Monday, November 15, 2004
MSI 915G Combo

2. CPU & Cooler

02 - Board Layout

CPU & Cooler

In the socket 775 architecture, the pins have moved from the processor on to the motherboard's socket. That way, breaking one of them no longer results in a destroyed processor but a destroyed motherboard which could be replaced using the RMA service (depending on the manufacturer).

Inside the 915G Combo package, you will find a plastic CPU clip for installing the CPU without damaging the socket pins. You are supposed to clip it on the CPU by pushing it on it and then unclip it by "pushing the CPU down hard" just as MSI suggests in the accompanying install guide. We found it really inconvenient to install the CPU that way, as we wasted about 3 minutes to get it right and finally decided to place it on the socket by hand which is far easier and in our opinion much safer (just make sure you ground yourself first to discharge any static electricity).

The rest of the operation was a breeze, as you just have to make sure the CPU is seated well into the socket, cover it with the metal plate and pull down the lock/release lever to secure the CPU.

Memory Modules

The memory banks are probably the most interesting part of the motherboard. If you take a good look at the following picture, you'll notice apart from the colors, that there are two different types of slots. The 2 orange slots are for use with 240-pin DDR2 DIMM and the 2 light green ones for the 184-pin DDR DIMM.

Since DDR2 is not backwards compatible you'll notice that the small notch in the center of each slot is slightly dislocated to prevent you from inserting the wrong kind of memory in the wrong kind of slot.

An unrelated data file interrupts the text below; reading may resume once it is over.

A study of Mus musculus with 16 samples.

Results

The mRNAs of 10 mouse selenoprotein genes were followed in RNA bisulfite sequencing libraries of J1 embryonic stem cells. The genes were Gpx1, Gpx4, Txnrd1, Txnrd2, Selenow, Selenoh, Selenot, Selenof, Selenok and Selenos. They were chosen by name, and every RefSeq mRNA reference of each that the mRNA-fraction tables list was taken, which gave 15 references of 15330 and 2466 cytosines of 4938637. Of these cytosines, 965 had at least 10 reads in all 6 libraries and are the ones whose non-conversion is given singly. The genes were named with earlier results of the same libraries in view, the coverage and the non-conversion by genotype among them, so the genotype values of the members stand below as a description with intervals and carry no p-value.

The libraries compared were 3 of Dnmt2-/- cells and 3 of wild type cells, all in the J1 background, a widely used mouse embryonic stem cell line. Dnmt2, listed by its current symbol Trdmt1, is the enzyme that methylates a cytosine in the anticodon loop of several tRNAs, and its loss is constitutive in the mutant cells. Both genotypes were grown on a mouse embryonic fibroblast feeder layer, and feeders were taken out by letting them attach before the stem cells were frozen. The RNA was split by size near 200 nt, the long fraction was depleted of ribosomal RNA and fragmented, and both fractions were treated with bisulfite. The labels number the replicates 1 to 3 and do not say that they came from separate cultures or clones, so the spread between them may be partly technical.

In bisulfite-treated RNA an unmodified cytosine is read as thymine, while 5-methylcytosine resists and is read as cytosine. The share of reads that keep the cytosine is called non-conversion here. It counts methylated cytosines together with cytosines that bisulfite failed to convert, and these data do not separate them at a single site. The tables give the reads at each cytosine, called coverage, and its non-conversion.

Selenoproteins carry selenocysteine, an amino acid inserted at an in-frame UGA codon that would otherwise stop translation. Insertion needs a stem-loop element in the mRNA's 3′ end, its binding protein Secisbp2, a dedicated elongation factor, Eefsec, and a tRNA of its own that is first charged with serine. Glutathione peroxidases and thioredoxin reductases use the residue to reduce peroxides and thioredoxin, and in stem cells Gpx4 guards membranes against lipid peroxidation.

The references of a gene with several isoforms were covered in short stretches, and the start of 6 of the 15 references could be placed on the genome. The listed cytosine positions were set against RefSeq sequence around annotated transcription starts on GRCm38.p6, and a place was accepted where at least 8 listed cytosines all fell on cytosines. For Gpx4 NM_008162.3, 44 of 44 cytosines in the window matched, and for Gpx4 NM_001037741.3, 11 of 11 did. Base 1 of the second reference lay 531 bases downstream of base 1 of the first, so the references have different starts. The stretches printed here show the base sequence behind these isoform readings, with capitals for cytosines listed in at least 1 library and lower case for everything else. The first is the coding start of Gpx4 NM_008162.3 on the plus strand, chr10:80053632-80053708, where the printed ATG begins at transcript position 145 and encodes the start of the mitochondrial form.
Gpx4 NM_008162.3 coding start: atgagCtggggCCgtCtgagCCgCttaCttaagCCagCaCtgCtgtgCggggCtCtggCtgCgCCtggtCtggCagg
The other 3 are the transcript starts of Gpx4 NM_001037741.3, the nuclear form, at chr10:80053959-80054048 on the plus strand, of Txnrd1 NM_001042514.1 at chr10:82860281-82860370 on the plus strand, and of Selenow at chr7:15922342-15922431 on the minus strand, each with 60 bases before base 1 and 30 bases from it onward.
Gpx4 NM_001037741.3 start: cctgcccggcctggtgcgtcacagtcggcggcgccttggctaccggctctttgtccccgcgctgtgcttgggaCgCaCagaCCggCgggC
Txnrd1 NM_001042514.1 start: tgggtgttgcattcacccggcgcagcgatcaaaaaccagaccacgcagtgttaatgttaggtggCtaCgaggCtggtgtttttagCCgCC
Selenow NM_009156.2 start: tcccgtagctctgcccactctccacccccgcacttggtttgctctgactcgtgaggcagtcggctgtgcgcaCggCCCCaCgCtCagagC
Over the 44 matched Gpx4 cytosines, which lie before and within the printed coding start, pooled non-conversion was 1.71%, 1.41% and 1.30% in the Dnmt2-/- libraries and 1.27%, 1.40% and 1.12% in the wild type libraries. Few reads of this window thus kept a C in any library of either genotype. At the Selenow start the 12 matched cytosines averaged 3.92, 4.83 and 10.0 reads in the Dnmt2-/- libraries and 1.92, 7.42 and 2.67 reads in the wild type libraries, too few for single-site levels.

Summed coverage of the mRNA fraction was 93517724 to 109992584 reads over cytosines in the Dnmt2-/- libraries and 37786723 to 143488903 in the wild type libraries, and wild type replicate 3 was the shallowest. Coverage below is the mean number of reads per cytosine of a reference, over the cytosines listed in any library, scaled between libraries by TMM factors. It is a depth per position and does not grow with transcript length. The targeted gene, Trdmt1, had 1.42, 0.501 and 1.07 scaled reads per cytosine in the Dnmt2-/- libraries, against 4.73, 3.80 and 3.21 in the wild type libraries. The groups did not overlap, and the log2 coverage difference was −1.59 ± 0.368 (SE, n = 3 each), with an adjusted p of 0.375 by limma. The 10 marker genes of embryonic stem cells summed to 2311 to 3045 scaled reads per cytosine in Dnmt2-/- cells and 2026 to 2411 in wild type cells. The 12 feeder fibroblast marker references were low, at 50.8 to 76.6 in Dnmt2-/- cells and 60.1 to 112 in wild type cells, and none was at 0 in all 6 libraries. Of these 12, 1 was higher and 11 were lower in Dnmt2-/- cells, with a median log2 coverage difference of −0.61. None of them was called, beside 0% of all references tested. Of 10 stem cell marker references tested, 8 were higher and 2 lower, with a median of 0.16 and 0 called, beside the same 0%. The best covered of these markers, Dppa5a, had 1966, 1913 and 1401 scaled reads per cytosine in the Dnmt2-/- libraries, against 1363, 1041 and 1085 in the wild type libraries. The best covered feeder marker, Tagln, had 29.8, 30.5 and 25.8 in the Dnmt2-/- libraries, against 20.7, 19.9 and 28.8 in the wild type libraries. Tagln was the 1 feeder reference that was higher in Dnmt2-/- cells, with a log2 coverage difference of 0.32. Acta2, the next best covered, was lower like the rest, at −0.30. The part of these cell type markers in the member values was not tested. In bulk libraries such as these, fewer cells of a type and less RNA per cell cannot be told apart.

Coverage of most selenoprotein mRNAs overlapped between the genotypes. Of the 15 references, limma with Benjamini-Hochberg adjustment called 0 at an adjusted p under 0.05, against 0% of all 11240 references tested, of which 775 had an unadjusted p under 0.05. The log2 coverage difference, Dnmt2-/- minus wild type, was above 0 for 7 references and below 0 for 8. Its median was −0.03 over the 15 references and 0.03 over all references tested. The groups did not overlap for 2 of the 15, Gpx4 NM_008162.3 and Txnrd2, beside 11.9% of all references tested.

As you can see, the memory types alternate each other so that you can take advantage of the Dual Channel memory feature the chipset supports for increased memory performance.

Even though both types of slots are supported on the board, it should be noted that you can't use them simultaneously and the system might not be able to boot if you do so.

Power Supply

Another interesting fact concerning the motherboard is the new ATX1 power connector. In contrast to the standard 20-pin power supply, the 915G supports the 24-pin but with backward compatibility in mind so you won't have to add a new power supply to your new computer purchase bill.

The four extra pins are:

Pin
Signal
11
+12V
12
NC
23
+5V
24
GND

Back Panel

The back panel provides the following connectors:

From left to right and top to bottom we have the mouse and keyboard PS/2 female connectors, the Serial and Parallel Port and the VGA connector for the on-board GPU. Then there's the S/PDIF Out-Coaxial for audio output to your speakers, two USB 2.0 ports, the LAN RJ-45 Jack and another set of USB ports. The remaining jacks concern Realtek's onboard soundcard. The first three audio jacks are for 2-channel mode for stereo output and the right two for 7.1 channel audio operation. Last but not least the S/PDIF Out Optical connector for digital sound output.

The realtek chip responsible for the board's Gigabit LAN interface..

Connectors

Below you can see the hard drive connectors. 3 IDE channels and 4 SATA connectors gives you the ability to install up to 10 drives on this motherboard!

The first primary drive should always be connected to the blue connector: IDE1. The IDE controller behind the blue connector is located on the ICH6R chipset whereas the yellow ones are supported by VIA's 6410 IDE Raid Controller which can connect up to four Ultra ATA 133 drives and also provides RAID 0 & RAID 1 support.

Slots

The 915G Combo mainboard provides one PCI Express 16x slot, two PCI Express 1x slots and three 32-bit PCI bus slots as shown below.

The only 16x PCI-E slot (not to be confused with PCI-X) is only made for graphics card expansion supporting a transfer rate of 2.5GB/s. The PCI Express 1x slots are for next generation peripherals (such as modems, TV tuners etc.) and support maximum transfer rate of 250MB/s.

The three remaining slots might seem familiar as they are plain PCI.

However, the orange one stands out as it supports 2 masters. That means, if the card you install on it supports it (such as a Wireless LAN card), it can act as a communication slot.